After a setback last week, where the Supreme Court refused to intervene to prevent the DOJ from forcing New York Times reporter James Risen from testifying against a source, several First Amendment groups are calling for Congress to rush to pass a law to make sure he and future reporters aren't forced to testify.
Students at Suffolk University Law School are urging the school’s president to withdraw its invitation to Armenian genocide denier Abraham Foxman to speak at their commencement and receive an honorary degree. Foxman, the Anti-Defamation League director, drew harsh public criticism in 2007 for opposing a congressional resolution acknowledging the 1915 extermination of approximately 1.5 million Armenians.
A year after the death of Hugo Chávez is a propitious time to examine his legacy. Such an examination is even more important in light of the current wave of demonstrations in Venezuela, which have given new life to the transparent attempts of the opposition and the United States to depose the Bolivarian government. These demonstrations appear to be organized by an especially violent and reactionary sector of the opposition, seeking overthrow rather than democratic change.
We are deeply saddened by the sudden and untimely death of Chokwe Lumumba, who lived a genuinely revolutionary life, providing guidance to, and taking direction from, the poor, oppressed and disenfranchised.
Longtime Guild member and former Chair of the Environmental Human Rights Committee, Andy Reid, remembers the legacy of Pete Seeger, his affiliation with the Guild, and his commitment to social justice.
Fifty years ago today, President John F. Kennedy was killed in Dallas. For those of us who were alive and sentient back then, it was a signal event. JFK was the first of a new generation of leadership for the country, and held the promise, as it were, for hope and change. We will never know if his death also killed, or at least wounded, those expectations or whether the Johnson administration held to Kennedy’s vision. JFK opposed the historic March on Washington and was unable to pass civil rights legislation. That accomplishment was left to Lyndon Johnson, in the wake of Martin Luther King’s assassination and the rebellions that followed in cities across the country.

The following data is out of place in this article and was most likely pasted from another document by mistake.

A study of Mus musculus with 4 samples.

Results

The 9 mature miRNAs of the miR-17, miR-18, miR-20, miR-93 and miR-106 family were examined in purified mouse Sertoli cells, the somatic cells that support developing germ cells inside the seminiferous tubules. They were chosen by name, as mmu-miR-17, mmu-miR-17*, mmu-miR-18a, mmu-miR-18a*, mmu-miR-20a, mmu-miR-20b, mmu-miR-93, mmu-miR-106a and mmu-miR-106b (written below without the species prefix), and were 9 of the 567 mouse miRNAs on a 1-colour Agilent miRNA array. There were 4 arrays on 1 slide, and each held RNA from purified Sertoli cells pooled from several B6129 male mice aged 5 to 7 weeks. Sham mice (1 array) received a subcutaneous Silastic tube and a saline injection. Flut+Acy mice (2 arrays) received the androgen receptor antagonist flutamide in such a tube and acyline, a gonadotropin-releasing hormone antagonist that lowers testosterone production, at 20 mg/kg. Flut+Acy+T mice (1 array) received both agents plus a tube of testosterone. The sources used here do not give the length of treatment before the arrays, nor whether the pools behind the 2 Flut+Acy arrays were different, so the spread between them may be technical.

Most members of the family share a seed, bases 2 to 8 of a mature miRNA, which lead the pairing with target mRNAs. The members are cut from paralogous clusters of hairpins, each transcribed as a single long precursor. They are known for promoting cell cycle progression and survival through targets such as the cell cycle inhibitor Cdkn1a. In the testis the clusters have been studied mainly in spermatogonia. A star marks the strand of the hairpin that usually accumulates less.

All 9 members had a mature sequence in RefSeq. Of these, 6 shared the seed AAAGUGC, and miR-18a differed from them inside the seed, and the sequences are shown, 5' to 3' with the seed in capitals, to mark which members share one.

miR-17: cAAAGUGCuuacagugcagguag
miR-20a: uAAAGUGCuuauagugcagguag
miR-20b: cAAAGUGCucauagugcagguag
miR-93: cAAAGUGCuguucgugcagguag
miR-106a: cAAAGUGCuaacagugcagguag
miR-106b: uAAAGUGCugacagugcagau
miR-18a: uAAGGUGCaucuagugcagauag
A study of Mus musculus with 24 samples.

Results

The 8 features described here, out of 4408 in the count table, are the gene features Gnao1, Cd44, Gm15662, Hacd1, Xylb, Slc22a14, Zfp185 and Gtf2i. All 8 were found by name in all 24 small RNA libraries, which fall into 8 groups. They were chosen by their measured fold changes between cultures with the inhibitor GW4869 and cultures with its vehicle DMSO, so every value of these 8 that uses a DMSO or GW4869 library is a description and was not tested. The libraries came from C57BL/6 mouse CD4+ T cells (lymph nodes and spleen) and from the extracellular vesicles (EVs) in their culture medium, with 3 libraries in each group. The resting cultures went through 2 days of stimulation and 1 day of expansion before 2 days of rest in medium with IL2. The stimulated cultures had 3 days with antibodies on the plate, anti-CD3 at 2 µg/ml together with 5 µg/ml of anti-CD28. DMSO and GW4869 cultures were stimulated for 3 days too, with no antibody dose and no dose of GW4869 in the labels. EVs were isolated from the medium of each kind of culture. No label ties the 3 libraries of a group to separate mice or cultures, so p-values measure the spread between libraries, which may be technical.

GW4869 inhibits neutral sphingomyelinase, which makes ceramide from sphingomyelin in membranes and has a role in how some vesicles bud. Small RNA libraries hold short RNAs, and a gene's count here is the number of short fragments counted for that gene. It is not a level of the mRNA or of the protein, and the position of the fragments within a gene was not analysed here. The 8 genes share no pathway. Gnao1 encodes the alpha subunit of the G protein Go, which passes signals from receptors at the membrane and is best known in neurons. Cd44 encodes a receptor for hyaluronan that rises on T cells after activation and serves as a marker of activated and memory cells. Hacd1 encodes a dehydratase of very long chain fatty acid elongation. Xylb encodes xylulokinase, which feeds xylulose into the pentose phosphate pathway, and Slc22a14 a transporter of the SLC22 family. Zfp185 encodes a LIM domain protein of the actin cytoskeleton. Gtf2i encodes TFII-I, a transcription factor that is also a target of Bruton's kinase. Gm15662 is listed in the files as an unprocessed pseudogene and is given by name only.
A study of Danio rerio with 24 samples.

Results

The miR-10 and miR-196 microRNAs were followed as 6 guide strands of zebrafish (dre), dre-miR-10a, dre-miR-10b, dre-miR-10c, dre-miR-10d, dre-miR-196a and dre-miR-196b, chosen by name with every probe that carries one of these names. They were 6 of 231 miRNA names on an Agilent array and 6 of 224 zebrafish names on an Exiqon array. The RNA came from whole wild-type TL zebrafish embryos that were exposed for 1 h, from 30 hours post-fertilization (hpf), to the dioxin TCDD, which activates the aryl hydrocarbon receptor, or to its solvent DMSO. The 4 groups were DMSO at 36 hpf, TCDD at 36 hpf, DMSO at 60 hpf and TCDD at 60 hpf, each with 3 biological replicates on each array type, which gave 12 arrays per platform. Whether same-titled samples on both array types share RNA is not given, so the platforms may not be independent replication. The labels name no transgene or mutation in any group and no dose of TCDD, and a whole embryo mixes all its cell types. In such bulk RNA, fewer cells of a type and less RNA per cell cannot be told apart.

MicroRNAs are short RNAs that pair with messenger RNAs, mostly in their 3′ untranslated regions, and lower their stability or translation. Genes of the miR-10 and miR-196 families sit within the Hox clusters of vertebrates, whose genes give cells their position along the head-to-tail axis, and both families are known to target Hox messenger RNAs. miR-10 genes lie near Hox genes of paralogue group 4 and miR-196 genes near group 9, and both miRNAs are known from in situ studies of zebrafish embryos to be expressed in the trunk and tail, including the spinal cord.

NLG past president Marjorie Cohn recently participated in a panel on the illegality of drones and targeted killing off the battlefield at the conference, "Drones around the Globe: Proliferation and Resistance," in Washington, D.C. Nearly 400 people from around the world came together to gather information, protest, and develop strategies to end targeted killing by combat drones. The Summit was sponsored by CODEPINK, The Nation Magazine, Institute for Policy Studies, Center for Constitutional Rights, and the Georgetown Chapter of the National Lawyers Guild.
Chelsea Manning was sentenced to 35 years for the “crime” of revealing the seamy underside of U.S. diplomacy and war-making. The sentence is substantially less than the 60 years the prosecution asked for, but greater than what the defense requested. It was predicated on alleged damage done to the U.S., though it remains unclear what actual damage, aside from embarrassment, occurred. Indeed, the idea that transparency is damaging is one that should shock the conscience of any patriot, if one defines patriotism as something other than blind obeisance to whatever one’s government says.
The National Lawyers Guild affirms its strongest support for hunger striking prisoners in California, Guantánamo Bay, Colombia, and Palestine, and urges members and supporters to participate in and defend actions of solidarity protesting solitary confinement, arbitrary detention, and other rights violations. The Guild’s Prisoner Hunger Strike Solidarity Committee calls on people to take action to support the prisoners.
[Update]: In her public statement issued on 8/22/13, Pvt. Manning disclosed that her name is now Chelsea Manning and that she is a female.